I just came across the Southern Reading 2009 Challenge. Check it out at Maggie Reads. The challenge to read at least three Southern books (any genre) begins May 15 and ends August 15. You can count me in. I've always loved novels by Southern writers, firmly believing that they merit reading beyond the region. The site offers suggestions, but I'll add some of mine as well.
I've already mentioned The Help, Kathryn Stockett's first novel, set in Jackson, Mississippi, in the early 1960s. I also recommend all of Ron Rash's novels (from his first, One Foot in Eden to his latest Serena). So many people who read one at my recommendation have worked their way through the whole list. I always enjoy Clyde Edgerton's novel for a good laugh (usually with some underlying serious themes). This time of the year, you can read Dori Sanders' novel Clover and visit her at her peach stand one Highway 321 in South Carolina. I've read all of Joshilyn Jackson's novels (Gods in Alabama, The Girl Who Stopped Swimming, and Between, Georgia.) Ann Patchett (who lives in Nashville) is another of my favorite writers. Her Bel Canto is one of my most memorable reading experiences. All of her novels are beautifully written but not alike at all.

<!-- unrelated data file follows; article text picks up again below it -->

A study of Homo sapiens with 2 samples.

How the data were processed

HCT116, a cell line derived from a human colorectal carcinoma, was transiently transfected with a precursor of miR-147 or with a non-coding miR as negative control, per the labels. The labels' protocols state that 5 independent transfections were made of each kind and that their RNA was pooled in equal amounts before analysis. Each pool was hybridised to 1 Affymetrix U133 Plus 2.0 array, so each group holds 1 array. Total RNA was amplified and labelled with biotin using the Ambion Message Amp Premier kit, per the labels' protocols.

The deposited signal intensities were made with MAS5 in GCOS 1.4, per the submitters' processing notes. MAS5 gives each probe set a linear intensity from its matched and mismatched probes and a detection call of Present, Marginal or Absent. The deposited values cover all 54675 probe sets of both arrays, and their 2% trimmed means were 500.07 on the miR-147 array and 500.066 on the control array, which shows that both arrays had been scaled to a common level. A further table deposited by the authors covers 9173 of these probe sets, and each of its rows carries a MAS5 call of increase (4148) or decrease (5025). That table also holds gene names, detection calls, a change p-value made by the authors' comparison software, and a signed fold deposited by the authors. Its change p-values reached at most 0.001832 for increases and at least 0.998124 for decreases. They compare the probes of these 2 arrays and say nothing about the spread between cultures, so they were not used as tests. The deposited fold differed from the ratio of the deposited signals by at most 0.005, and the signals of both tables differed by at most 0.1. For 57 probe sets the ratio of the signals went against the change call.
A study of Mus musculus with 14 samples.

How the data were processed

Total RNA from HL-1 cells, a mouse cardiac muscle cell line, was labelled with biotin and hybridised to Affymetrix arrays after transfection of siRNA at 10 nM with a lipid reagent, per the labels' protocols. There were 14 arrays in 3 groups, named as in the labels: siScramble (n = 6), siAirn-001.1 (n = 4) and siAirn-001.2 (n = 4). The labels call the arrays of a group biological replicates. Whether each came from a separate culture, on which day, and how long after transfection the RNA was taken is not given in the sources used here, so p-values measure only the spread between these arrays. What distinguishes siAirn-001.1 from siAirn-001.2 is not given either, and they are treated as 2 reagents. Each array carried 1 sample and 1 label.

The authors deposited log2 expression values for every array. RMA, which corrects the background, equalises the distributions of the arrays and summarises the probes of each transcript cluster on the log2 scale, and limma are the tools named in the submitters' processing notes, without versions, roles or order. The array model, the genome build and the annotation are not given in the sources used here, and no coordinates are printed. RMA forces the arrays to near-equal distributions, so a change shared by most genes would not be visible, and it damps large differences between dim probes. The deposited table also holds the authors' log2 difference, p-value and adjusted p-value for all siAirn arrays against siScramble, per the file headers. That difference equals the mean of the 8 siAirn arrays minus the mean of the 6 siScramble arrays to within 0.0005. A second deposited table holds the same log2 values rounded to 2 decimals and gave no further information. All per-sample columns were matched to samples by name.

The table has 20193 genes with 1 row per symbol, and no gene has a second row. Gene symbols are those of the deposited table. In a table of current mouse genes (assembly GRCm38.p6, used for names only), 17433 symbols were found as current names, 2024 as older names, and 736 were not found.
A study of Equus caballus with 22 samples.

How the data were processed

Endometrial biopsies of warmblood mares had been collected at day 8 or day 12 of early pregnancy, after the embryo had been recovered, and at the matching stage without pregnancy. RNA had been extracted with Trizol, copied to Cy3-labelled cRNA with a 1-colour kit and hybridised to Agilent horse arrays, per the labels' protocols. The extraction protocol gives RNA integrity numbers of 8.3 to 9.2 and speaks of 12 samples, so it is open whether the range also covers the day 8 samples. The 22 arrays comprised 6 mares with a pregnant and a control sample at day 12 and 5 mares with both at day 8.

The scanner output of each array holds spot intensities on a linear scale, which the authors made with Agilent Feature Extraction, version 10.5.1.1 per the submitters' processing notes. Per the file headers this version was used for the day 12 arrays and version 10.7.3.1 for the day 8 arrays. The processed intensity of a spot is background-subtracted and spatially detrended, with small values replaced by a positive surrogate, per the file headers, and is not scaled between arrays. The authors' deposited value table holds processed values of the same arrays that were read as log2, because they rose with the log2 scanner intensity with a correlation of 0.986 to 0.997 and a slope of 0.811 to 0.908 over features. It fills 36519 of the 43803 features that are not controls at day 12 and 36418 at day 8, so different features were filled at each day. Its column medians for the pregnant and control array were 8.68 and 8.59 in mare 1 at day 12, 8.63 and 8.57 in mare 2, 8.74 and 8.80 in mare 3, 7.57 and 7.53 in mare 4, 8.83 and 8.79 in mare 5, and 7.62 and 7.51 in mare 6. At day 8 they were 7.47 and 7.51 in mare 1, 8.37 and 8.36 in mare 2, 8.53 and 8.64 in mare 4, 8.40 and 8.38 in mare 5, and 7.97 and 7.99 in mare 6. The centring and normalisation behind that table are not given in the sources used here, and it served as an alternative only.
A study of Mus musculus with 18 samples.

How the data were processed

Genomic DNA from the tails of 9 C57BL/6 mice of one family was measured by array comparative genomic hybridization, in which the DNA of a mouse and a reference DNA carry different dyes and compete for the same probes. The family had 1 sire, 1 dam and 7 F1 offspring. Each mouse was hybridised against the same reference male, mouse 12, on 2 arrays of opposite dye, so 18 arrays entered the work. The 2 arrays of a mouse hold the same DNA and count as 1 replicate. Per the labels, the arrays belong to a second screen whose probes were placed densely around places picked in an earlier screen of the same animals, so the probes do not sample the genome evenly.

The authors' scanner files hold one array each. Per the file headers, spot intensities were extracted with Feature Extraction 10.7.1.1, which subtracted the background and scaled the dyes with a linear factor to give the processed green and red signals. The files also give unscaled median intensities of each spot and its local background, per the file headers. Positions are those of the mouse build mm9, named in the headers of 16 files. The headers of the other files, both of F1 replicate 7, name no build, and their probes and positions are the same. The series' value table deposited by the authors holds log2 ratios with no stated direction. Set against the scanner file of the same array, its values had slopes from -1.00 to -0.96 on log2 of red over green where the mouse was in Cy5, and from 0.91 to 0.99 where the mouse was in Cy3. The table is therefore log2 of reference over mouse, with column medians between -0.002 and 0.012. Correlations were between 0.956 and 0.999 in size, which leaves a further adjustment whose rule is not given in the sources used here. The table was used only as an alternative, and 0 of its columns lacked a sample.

For laughing until milk comes out your nose, try Celia Rivenbark (Bless Your Heart, Tramp, Just Like You--Only Prettier, and Stop Dressing Your Six-Year-Old Like a Skank). Although not your typical Southerner, David Sedaris did grow up in Raleigh. One particularly favorite of mine (in Dress Your Family in Corduroy and Denim, I believe) described his family's regular visits to the Atlantic coast, where they would speculate on names for a family beach house.
I'm hardly doing justice to the books on my shelves, but Lemuria Bookstore in Jackson, Mississippi, has some great titles on their First Editions Club list, many but not all by Southern authors. I can't wait to decide what to read next.